Thailand: Thaksin Almost Triumphant


Dr Glen Lewis

Thaksin Shinawatra has consolidated his own and his party’s dominance some two years after the Thai-Rak-Thai (TRT) Party was elected to power in January 2001. The economy is doing well, the baht is holding at 39 to the US dollar, and another property boom is under way. The Bangkok APEC meeting (17-18 October 2003) showcased Thailand with saturation media coverage and a special parade of the royal barges. Thaksin has also since announced victory in his ‘war on drugs’, underway since February 2003. Before a crowd of 50, 000 and amid a sea of Thai flags, Thaksin declared every part of Thailand except Bangkok drug-free, dedicating the ‘victory’ to the King on the occasion of the monarch’s 76th birthday on 5 December .

Thaksin’s own popularity is clear. One TRT August poll – though hardly an objective measure – scored his popularity in the pro-Democrat south as 80 per cent. The power-broker of the Democrats, Sanan Kachornprasart, also recently said that TRT would very likely win the next national elections in early 2005. Yet reservations remain about Thaksin’s success. King Bhumipol’s birthday speech acknowledged the legitimacy of the anti-drug campaign, but also asked for explanation of the killing of some 2, 500 people. The Police Chief has since ordered an inquiry. The former deputy army Commander-in-Chief, General Wattanachai Chaimuanwong, who unlike General Chavalit took a tough line against Myanmar, has also warned that there are millions of amphetamine pills stashed on the Thai-Burmese border for when the ‘war’ dies down.

Questions also remain over TRT’s economic policies. Some argue that the government’s generous pump-priming is promoting a new economic bubble. The Premier’s actions, too, suggest he is still identifying the interests of his own companies – which include Shin Satellite, the largest cell-phone company AIS, and ITV, the only non-state owned commercial broadcaster – with the national interest. The recently formed budget airline Air Asia, originating in Malaysia, is in a joint partnership with the Shinawatra group. Thaksin also continues to control the media. Senior TRT figures have been buying into the Nation group, one of the few remaining watchdogs. ITV has a request before the Prime Minister’s Office to reduce its annual concession payments. Meanwhile Shin Corp. has filed a libel suit against Supinya Klangnarong, the secretary-general of the Campaign for Popular Media Reform, alleging she had defamed it in the Thai Post by making comments which could make the public think it had benefited from its political connections.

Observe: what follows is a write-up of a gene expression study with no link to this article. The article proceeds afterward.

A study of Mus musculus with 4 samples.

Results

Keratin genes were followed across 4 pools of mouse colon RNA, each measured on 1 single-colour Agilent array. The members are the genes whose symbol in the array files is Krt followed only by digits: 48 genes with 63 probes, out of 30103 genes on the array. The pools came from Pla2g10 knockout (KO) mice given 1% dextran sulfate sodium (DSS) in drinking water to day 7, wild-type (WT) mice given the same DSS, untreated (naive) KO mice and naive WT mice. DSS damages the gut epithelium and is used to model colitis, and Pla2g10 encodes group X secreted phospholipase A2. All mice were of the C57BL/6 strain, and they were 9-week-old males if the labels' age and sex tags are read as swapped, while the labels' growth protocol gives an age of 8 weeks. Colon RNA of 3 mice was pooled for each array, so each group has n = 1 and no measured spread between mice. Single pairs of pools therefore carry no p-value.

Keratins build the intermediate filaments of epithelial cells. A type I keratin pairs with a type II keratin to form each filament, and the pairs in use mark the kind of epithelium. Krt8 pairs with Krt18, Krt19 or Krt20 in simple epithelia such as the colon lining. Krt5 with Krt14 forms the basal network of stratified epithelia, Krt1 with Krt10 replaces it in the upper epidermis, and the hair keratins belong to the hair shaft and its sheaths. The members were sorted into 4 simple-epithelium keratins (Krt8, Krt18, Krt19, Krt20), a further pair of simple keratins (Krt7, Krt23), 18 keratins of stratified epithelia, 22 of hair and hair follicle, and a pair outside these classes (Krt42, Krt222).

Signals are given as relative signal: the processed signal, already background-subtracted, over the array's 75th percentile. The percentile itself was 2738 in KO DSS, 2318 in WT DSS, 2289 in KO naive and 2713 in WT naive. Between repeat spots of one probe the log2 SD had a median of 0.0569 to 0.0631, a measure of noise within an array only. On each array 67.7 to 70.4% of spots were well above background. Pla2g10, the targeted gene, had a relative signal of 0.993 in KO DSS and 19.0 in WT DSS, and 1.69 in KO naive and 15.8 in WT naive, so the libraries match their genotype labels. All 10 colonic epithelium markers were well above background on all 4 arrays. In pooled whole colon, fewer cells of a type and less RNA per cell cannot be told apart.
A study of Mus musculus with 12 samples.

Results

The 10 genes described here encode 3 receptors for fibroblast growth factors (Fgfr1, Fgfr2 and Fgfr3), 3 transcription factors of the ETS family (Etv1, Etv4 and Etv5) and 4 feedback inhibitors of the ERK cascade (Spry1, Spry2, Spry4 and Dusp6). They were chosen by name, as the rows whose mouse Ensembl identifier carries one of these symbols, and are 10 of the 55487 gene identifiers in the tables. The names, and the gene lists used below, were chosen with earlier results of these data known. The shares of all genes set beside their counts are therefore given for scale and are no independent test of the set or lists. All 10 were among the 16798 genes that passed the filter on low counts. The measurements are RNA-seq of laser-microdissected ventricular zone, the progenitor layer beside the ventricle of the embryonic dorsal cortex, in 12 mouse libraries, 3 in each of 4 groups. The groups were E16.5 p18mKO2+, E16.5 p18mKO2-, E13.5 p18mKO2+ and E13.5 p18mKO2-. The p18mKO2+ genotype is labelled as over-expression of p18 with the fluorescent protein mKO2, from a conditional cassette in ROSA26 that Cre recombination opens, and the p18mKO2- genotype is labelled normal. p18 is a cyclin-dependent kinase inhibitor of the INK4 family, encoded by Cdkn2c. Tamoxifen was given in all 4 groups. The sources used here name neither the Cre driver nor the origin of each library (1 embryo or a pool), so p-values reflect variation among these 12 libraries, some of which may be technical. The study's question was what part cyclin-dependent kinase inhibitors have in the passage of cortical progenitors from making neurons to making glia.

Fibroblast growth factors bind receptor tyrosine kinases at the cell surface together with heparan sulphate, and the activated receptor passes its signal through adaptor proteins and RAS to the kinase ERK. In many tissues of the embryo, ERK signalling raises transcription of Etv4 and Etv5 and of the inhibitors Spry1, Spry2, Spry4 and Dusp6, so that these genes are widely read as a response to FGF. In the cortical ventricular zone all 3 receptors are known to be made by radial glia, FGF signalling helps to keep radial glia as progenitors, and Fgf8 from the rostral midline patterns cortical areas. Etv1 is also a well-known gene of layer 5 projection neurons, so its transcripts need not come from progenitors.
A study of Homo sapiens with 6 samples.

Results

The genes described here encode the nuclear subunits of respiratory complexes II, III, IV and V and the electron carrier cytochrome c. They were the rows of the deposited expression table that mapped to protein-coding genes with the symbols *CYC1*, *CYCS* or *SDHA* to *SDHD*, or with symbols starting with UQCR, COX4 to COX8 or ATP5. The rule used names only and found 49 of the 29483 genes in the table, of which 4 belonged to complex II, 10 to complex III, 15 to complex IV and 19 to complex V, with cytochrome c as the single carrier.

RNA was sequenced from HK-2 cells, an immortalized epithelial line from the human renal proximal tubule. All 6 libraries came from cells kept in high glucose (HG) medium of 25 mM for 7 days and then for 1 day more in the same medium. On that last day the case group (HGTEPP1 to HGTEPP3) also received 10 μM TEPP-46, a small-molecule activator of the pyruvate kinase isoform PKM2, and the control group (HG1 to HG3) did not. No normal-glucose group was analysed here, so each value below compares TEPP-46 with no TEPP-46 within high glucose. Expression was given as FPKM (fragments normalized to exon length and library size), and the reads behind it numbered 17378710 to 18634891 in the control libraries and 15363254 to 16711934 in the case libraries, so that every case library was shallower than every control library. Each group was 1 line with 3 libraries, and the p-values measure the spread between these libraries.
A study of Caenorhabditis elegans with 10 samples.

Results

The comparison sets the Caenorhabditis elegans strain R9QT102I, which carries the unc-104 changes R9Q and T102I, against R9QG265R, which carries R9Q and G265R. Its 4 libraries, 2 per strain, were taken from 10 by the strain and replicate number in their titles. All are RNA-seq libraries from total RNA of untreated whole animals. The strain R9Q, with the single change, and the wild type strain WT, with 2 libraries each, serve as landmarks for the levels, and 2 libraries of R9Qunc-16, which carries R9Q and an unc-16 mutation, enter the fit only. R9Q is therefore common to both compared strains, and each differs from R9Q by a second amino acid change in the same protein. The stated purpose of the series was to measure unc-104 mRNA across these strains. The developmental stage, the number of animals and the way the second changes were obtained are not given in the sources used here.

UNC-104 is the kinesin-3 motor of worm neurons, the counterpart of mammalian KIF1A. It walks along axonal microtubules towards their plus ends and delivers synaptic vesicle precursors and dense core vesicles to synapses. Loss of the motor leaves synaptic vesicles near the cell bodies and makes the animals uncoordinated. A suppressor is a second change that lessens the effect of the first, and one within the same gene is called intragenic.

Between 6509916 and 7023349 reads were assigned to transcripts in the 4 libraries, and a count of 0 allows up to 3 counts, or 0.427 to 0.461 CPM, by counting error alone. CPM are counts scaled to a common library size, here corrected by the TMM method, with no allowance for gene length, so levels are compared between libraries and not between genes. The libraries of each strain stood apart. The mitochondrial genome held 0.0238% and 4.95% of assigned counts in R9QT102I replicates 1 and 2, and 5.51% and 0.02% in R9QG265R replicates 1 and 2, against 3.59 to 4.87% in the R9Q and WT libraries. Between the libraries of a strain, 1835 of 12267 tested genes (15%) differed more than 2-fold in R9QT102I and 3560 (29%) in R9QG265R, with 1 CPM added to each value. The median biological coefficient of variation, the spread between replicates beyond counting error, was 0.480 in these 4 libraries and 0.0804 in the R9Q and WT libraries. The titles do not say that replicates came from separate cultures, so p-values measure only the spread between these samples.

Thaksin is being hailed by his supporters as the ‘new leader of Asia’ now that Dr Mahathir has stepped down. Thaksin does have a grand vision for Thailand’s re-creation of ‘suvannaphummi’ (the golden land) with Thailand leading the integration of the economies of Myanmar, Laos, and Cambodia with southern China. Yet it remains to be seen how many of his plans, including his new ‘war on poverty’, which aims to eradicate poverty in six years, will come true.

WATCHPOINT: Are the Thai-Rak-Thai’s economic policies succeeding or are they creating the conditions for another boom and eventual bust as in 1997?